I. Summary
II. Objectives
III. Materials Needed
IV. Procedure
V. Classroom Assessment
VI. Extensions and Adaptations
VII. Online Resources
VIII. Relevant National Standards

I. Summary:

For grades 7-12. Groups of students will compose a collage of alcohol ads and caption them according to what they believe the "real message" is. They will explain their collage and caption rationale to the class. Discussion will follow the presentations as to the targeted age group and messages the media attempts to portray. Students will then redo their captions with alcohol facts mentioned in the video, but not intimated in the advertising.

II. Objectives:

III. Materials Needed:

IV. Procedure:

  1. Homework the night before the project will be for each student to bring in at least 4 alcohol print ads.

  2. Introduce the PBS In the Mix video "Alcohol: What You Don't Know" by instructing students to take notes and pay particular attention to targets of alcohol advertising, the messages and techniques that are used. They are also to pay close attention to all facts about alcohol use and abuse. Explain that this information will be used in the project they will complete after viewing the video.

  3. Show the video.

  4. Following the video, students will get into groups by partnering with someone whose first name begins with the same first initial as theirs. The instructor will assign each couple a number. Each couple must find another couple. Odd number couples must pair with an odd number couples and even numbers with even numbers to form groups of four.

  5. Instruct students to complete a collage of their alcohol ads and to caption their ads with what they believe to be the "real message" portrayed.

  6. Ask students to then show their collage and explain the rationale for their captioning to the class.

  7. A volunteer student recorder then asks each group to count how many people in their ads involve people over 25 and/or unattractive people.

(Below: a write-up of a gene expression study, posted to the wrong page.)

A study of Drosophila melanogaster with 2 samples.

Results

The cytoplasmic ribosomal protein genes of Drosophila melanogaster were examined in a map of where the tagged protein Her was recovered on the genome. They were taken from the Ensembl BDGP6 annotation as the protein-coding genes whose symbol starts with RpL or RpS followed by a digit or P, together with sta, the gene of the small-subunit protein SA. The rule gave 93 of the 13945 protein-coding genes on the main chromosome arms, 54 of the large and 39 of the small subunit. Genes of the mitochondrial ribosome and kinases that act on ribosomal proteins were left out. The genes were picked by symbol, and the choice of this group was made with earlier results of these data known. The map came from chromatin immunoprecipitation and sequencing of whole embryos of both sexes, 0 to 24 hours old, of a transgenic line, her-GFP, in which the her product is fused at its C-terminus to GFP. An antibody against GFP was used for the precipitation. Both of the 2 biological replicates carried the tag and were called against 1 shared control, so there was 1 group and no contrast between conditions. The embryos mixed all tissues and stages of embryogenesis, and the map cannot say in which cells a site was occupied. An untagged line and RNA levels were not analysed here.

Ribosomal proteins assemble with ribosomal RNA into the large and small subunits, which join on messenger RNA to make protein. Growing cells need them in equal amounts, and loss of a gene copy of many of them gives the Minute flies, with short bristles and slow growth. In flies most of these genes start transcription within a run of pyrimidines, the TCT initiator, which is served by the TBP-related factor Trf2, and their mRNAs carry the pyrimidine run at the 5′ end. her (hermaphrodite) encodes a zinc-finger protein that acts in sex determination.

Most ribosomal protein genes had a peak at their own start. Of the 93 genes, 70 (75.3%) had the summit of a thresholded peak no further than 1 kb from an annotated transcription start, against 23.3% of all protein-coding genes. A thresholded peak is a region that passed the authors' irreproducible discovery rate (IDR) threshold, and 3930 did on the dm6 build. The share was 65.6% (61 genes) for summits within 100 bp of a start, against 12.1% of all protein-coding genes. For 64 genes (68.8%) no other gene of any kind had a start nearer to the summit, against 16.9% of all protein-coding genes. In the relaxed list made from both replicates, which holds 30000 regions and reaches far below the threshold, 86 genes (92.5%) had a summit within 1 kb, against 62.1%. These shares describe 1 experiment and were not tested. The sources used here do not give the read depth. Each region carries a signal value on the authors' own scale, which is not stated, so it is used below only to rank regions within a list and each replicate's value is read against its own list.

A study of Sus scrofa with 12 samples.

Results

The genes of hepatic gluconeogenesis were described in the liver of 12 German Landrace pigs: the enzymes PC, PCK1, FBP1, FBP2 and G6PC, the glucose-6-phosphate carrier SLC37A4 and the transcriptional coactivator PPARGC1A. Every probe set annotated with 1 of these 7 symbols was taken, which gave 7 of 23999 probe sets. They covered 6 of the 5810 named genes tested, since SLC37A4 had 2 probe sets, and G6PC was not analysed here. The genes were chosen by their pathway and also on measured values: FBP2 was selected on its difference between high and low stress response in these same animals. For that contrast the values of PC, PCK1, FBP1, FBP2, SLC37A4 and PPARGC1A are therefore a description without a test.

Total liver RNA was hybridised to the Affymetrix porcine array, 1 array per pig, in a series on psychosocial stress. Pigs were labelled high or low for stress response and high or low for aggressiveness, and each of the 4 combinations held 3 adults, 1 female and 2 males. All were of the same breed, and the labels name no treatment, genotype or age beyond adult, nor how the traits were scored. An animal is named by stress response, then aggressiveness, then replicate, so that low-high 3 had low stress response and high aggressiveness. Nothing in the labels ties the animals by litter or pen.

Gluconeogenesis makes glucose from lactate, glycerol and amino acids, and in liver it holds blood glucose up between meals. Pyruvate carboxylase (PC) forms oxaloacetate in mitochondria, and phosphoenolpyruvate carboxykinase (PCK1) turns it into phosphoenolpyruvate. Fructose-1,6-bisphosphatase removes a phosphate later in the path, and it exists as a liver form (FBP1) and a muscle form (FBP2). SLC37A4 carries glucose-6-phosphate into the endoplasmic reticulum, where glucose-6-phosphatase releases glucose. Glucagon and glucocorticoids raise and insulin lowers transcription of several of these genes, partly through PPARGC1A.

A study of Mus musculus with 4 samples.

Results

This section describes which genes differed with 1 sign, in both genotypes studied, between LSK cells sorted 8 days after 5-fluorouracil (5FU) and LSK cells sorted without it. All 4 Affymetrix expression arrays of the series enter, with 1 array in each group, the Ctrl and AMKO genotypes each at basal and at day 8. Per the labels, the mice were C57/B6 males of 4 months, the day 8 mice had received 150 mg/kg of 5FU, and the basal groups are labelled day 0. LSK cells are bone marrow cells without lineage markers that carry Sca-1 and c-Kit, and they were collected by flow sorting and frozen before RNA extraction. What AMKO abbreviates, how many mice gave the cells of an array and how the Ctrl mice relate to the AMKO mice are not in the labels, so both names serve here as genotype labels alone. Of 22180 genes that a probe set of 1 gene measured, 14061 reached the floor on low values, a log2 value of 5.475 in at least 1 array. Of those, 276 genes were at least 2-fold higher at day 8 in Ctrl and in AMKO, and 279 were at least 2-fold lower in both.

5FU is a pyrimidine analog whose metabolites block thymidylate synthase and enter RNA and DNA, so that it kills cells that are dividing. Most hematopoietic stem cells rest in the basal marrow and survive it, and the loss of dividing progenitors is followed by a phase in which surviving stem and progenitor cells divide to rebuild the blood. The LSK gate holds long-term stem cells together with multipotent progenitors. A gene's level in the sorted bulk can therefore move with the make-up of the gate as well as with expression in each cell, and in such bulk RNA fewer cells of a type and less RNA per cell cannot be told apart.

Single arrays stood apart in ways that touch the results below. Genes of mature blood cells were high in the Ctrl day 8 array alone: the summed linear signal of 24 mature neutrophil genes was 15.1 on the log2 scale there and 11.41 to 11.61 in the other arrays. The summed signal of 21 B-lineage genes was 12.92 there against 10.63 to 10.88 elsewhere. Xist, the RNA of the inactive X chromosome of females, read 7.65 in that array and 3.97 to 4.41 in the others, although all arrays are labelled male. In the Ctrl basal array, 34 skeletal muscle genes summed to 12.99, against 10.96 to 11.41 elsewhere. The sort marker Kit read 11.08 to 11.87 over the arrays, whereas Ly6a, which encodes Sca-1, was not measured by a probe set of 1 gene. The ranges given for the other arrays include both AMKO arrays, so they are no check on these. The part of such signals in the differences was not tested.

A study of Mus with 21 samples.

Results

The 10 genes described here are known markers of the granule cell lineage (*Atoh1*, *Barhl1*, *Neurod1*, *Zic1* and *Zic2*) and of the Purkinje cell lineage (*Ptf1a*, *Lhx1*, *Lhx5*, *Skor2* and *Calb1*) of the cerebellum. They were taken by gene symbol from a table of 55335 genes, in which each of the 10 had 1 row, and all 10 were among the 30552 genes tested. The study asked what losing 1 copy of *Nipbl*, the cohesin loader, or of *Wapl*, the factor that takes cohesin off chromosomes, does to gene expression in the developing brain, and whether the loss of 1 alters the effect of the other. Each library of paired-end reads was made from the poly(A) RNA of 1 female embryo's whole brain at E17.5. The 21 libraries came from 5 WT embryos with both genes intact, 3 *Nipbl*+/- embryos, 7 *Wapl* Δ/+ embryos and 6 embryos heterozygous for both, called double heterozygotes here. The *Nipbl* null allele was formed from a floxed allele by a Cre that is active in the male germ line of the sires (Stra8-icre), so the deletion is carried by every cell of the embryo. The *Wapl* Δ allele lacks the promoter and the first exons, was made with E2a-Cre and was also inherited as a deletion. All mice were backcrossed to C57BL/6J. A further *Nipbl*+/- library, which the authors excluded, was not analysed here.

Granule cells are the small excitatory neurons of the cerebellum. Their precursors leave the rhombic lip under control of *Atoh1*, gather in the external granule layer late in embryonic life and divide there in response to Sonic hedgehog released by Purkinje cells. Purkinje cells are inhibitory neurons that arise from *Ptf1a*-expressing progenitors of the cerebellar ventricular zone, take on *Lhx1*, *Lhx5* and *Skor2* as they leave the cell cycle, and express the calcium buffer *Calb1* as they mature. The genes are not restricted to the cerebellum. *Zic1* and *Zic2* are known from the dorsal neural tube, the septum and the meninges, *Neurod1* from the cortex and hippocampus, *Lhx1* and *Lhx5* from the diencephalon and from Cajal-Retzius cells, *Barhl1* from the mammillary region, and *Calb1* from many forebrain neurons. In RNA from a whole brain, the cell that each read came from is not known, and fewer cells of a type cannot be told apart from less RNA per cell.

8. Lead a discussion about how young people are the real targets and why:

    • Why would alcohol distributors want to target young people as consumers?
    • What recurring themes and images do you see in alcohol advertising? Why would these appeal to young people?
    • What are some of the differences in advertising for various types of alcohol (i.e. wine, beer, liquor, wine coolers, etc.)
    • Which ads in these collages are more effective than others? Why would you choose one product over another based on its ads?
    • Which TV, radio, and print alcohol advertising campaigns do you remember best, perhaps even talk about the most? What elements contribute to this (e.g. humor, celebrities, music, or characters)?

  9. Pass out copies of the Alcohol Fact Sheet. Ask students to add new captions to their collage ads in which they cite a fact about alcohol and which advertisers have chosen to omit.

  10. Ask students to present their posters again to the class and explain the captions. Display all the posters in the classroom.

V. Classroom Assessment:

Score student work as a combination of group and individual assessment, according to the following 100 point scale:

VI. Extensions and Adaptations:

VII. Online Resources:

VIII. Relevant National Standards:

These are established by McREL at http://www.mcrel.org/standards-benchmarks/docs/contents.html:


Thinking and Reasoning Life Skills

About the Author:
Judy Terando
has taught Physical Education and Health since 1965, focusing on bringing technology into the classroom and spurring student creativity. She currently teaches high school in La Salle, IL.